It's that time of year again when we vow to be our best selves. We chatted up a few local experts on the most efficient ways to make sure those New Year's resolutions turn into accomplishments.
The importance of setting goals and specifically writing them down is often supported by the story of a study of Harvard or Yale graduates that found 3 percent of graduates with written goals earned 10 times as much as the 97 percent without written goals. Dr. Gail Matthews of Dominican University in San Rafael says that oft-quoted study never actually happened, but her own research backs up the basic premise that setting goals and making plans is a good thing. Her research found a 33 percent increase in goal attainment if you write down your goal, tell a friend and send weekly updates to that friend.
Setting goals like New Year's resolutions is known to be extremely important to success. Without lofty goals, most successful people wouldn’t be nearly as successful as they are. Even if they don’t reach the stated goal, they end up higher than they otherwise would have.
“On the negative side, unless done properly, just making a resolution does not have the stick-to-itiveness that leads to lasting results,” says Ben Kline of Clarity Performance. The three most important tools you can use to improve your goal attainment, according to Matthews, are writing down your goals, committing to goal directed action, and holding yourself accountable.
Setting the right goal is the first step and this is a soul searching activity. Use your intuition and life experience, and don’t be influenced by those around you or the culture at large. Writing your goals down is the next step. Written goals need to be Specific, Measurable, Action-oriented, Realistic, and Time bound (SMART). So instead of declaring you want to lose 20 pounds, say you’re going to lose 20 pounds (measureable) of fat (specific) within 12 months (time bound and realistic), by doing x, y and z (action oriented) on these specific days (realistic).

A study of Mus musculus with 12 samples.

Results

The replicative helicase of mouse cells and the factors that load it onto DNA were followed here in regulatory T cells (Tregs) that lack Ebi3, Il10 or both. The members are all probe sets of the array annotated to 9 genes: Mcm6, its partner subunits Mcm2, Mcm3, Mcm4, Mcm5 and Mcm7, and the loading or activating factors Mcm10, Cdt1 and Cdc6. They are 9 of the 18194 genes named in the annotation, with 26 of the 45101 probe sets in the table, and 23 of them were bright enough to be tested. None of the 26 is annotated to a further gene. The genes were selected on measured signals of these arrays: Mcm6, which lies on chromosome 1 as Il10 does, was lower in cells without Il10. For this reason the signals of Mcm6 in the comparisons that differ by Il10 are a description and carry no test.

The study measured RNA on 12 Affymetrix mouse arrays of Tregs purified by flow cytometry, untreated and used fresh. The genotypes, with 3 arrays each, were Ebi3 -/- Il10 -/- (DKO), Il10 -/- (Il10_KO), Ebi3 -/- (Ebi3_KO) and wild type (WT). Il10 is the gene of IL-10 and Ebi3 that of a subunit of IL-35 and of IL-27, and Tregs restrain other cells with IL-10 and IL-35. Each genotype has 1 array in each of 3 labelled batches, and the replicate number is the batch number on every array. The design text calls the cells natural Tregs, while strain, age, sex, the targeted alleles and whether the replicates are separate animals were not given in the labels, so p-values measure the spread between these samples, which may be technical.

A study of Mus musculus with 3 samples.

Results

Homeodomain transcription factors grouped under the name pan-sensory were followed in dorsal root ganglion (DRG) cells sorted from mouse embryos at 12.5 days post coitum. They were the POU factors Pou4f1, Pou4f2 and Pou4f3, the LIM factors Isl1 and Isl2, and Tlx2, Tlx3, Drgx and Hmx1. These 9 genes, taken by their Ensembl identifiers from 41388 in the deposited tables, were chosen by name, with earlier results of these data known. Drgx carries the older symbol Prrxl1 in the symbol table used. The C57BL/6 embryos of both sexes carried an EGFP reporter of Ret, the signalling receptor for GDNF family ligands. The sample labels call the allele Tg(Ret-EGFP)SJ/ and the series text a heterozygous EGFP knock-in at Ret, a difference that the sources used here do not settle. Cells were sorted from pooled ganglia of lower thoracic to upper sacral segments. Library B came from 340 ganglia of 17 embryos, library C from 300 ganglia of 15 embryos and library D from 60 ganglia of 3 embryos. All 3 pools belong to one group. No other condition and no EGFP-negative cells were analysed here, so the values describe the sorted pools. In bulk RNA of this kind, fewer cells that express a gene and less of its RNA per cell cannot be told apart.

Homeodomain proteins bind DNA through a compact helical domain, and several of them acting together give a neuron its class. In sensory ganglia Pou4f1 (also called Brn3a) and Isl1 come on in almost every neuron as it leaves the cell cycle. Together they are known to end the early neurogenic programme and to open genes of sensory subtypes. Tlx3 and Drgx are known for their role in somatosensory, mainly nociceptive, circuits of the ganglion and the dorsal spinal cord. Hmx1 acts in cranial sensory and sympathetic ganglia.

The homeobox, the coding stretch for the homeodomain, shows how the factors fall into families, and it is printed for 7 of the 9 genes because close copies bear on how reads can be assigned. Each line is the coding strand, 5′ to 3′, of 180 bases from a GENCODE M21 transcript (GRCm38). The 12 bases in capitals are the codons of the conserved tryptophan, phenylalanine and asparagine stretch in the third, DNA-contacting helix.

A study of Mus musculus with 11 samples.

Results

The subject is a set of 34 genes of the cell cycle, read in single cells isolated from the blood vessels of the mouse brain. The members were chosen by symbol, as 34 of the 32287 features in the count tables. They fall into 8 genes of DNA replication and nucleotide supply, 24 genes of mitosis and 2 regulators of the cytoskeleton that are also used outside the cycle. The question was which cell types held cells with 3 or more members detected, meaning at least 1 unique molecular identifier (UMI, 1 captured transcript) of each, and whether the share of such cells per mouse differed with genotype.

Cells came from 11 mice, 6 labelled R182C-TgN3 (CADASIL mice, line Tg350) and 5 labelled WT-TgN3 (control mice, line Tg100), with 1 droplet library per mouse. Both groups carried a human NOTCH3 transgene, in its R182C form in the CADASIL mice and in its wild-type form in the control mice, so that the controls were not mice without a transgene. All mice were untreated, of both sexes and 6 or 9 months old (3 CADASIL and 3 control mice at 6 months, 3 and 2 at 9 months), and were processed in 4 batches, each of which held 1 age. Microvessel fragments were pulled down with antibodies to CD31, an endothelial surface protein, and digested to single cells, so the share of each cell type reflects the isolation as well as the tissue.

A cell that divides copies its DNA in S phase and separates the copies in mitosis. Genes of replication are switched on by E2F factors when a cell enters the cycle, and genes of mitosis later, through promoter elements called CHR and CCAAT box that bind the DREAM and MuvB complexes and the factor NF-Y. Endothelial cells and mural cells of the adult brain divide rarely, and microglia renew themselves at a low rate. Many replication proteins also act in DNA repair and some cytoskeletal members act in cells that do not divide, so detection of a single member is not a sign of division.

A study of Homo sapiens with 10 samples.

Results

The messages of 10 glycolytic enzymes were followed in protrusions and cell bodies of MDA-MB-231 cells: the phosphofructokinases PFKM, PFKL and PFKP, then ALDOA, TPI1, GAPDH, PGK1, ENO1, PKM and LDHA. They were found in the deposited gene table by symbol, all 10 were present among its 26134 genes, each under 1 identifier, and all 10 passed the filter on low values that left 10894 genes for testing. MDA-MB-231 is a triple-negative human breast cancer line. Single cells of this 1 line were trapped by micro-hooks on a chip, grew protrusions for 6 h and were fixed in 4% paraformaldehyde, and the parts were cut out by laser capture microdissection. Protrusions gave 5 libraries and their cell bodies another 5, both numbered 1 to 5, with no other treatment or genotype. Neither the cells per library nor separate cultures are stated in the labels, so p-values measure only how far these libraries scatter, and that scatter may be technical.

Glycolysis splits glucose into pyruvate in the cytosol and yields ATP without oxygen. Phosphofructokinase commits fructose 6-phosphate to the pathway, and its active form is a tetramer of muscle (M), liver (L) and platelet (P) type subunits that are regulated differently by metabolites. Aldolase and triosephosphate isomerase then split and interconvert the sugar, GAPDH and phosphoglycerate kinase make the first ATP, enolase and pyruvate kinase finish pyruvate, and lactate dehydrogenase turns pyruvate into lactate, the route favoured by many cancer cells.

Remember to set goals around habits and actions that you can affect rather than simply the outcome such as the amount of weight lost or dollars earned. Resolve to change your actions and your results will follow.
Increasing the stick-to-itiveness, or unshakeable commitment to your action steps, can take many forms. Dr. John Deri, a Mill Valley psychiatrist and triathlete advises that you:
- Expect setbacks, prepare for them and use them as learning tools
- Develop a mantra of positive self talk to generate self confidence and pick yourself up when you need it
- Insulate or cut yourself from the negative influences of others
- Identify your own self defeating beliefs (your excuses and rationalizations) and work tirelessly to overcome them
- Take responsibility for your performance
- Visualize yourselves reaching your goals
We cannot make ourselves accountable. We need help with that. “That go-it-alone, pioneer mentality doesn’t work for reaching goals,” says Deri. He recommends you recruit able helpers - usually not your spouse or best friend. They would be a coach, a therapist, a personal trainer, a support group or a workout buddy. They need to be the person who can demand you do your homework without fear of losing the relationship.
So search your soul this week and if you find there are some changes that you would like to make in the coming year, don’t be afraid to resolve to do things differently. Set a goal, make some action plans and enlist the help of a someone to hand in your homework to on a weekly basis.